April 4, 2017

Sellers Are Coming Down From Over-Priced Listings

A report from Curbed New York. “The first quarter market reports are in, affirming a report released last week that found the resale market is strong throughout the city. Jonathan Miller, who crunches the numbers for Douglas Elliman’s report, believes one big reason the resale activity increased ‘is more about the seller coming down to meet the buyer, than the buyer coming up to meet the seller.’”

“Case in point: listing discounts for all Manhattan sales was 4.2 percent, up from 2.1 percent last year. ‘It’s not high, but it doubled,’ Miller says. ‘Sellers are coming down from over-priced listings to begin with.’ A sign that buyers are willing to wait, also, is that the days listings spent on the market rose 16.1 percent from a year ago. As for luxury inventory, it’s the same old story: Prices continued to decline and the overpriced luxury resale listings continued to flounder on the market before being removed, Douglas Elliman found.”

“As for Manhattan’s median sales price, it declined 3.3 percent to $1.1 million. The sales median for co-ops was $775,000, unchanged from last year. For condos, it was $1.65 million, a 10.6 percent decline from last year. Corcoran also tracked a steady market pace, reporting that the number of signed contracts rose for the second quarter in a row, with this being the first year-over-year increase of contracts signed in six quarters. Pricing, however, remained flat and ’sellers became more realistic this quarter,’ according to the report.”

From Mansion Global. “The median sales price in Manhattan fell 3.3% to $1.1 million in the first three months of the year, compared with the same period a year earlier. This was the second consecutive quarter prices fell. ‘Every single submarket saw the listing discount increase, and that means sellers were willing to travel farther to meet buyer on price. The buyers weren’t budging,’ added Jonathan Miller, the chief executive of Miller Samuel.”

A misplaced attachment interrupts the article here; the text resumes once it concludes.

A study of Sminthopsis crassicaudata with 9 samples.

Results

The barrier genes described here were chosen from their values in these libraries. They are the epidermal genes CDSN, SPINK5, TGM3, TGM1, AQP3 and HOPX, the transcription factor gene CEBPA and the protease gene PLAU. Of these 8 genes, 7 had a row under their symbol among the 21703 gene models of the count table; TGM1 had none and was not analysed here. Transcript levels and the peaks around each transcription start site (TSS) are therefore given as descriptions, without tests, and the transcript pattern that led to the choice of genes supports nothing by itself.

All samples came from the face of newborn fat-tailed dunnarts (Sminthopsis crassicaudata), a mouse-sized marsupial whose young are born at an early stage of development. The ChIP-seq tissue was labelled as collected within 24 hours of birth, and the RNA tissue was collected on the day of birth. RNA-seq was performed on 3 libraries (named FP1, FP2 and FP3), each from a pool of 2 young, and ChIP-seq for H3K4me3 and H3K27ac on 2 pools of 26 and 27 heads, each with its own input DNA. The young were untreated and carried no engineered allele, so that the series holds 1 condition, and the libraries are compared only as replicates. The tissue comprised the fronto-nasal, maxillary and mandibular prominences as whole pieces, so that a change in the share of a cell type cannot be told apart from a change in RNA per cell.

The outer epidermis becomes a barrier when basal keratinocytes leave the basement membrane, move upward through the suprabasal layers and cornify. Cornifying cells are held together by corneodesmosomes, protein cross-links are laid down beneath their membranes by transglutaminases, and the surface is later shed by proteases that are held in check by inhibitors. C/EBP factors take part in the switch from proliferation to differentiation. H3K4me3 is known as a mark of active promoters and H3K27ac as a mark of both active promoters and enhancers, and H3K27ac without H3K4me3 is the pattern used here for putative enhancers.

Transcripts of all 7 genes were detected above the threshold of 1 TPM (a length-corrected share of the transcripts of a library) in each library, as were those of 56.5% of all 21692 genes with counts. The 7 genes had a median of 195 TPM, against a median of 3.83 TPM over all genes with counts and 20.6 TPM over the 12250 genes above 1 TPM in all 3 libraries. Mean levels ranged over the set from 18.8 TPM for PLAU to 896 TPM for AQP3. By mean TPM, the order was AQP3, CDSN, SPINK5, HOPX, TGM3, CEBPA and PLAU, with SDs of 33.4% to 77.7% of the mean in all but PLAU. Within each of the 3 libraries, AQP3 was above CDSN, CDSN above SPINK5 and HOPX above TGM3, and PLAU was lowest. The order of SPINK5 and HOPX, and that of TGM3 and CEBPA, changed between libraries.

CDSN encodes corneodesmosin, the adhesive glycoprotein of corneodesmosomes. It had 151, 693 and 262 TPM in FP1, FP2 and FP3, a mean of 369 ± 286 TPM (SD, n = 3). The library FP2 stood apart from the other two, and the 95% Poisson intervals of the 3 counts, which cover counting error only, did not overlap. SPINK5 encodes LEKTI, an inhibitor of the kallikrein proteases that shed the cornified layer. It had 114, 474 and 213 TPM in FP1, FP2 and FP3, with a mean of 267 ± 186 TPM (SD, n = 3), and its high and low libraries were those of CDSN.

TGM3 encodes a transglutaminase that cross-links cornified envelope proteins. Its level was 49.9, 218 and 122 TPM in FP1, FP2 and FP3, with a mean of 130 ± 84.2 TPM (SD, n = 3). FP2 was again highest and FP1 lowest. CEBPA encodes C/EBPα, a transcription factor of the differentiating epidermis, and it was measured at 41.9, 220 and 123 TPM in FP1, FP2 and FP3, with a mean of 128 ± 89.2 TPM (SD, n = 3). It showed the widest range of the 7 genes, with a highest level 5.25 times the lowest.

The Real Deal. “Going once, going twice, rented! Apartment-rental websites like the San Francisco-based Rentberry and Biddwell in Vancouver want to turn the apartment hunting process into an eBay-style auction, the Wall Street Journal reported. Experts told the Journal that in markets like New York City where there’s already plenty of public information on the rental market, auction sites may have little effect on pricing.”

“When Rentberry launched in early 2016, the company said it would raise rents on average by 5 percent. But the company’s founder said tenants have actually saved 5.1 percent compared to listed prices in the 10 cities where it active. It should be noted, though, that nationwide there is an oversupply of apartments, said Bozzuto Group executive Toby Bozzuto, who manages 60,000 apartments in the country.”

The New York Post. “A few weeks ago, we reported on uptown Third Avenue’s many retail vacancies. The tenement building at 1330 Third Ave. at 76th St. was asking $420,000 for just 1,500 square feet. Now, the price has been slashed to a mere $360,000 a year.”

From Spectrum News. “A 32-year-old Democrat from Binghamton is hoping to be the new leader of the city in 2018. Michael Treiman announced his plans to challenge current Mayor Rich David at a press conference Tuesday afternoon. Treiman said while he supports student housing, he believes it’s oversaturated and says the city should instead focus on more housing for the elderly. ‘People are getting priced out of rental properties because the downstate investors expect a certain amount of money per month that they’re accustomed to downstate, and they brought that market up here, and it’s not something that’s sustainable for local residents,’ said Treiman.”

The Glen Falls Post Star. “The Mill apartment complex at the corner of Hudson Avenue and Elm Street has been sold and the new owners plan to renovate unfinished space on the second floor for additional apartments. Sale of the complex was completed on Friday to a real estate group that includes ‘a local investor,’ said Keith Flores of Sunrise Management & Consulting, an Albany-based real estate company that manages the property. A limited liability company affiliated with Amalgamated Bank has owned the complex since 2010. The bank financed the $26 million project, completed in 2009, and took ownership from developer Bruce Levinsky under a settlement agreement to avoid foreclosure.”

“Levinsky headed an investment group that added three stories to a historic former glove factory building. The project was originally intended to be condominiums, but no condominiums were sold once the national recession caused the market for condominiums to drop off. Amalgamated Bank has rented housing units instead of selling them as condominiums.”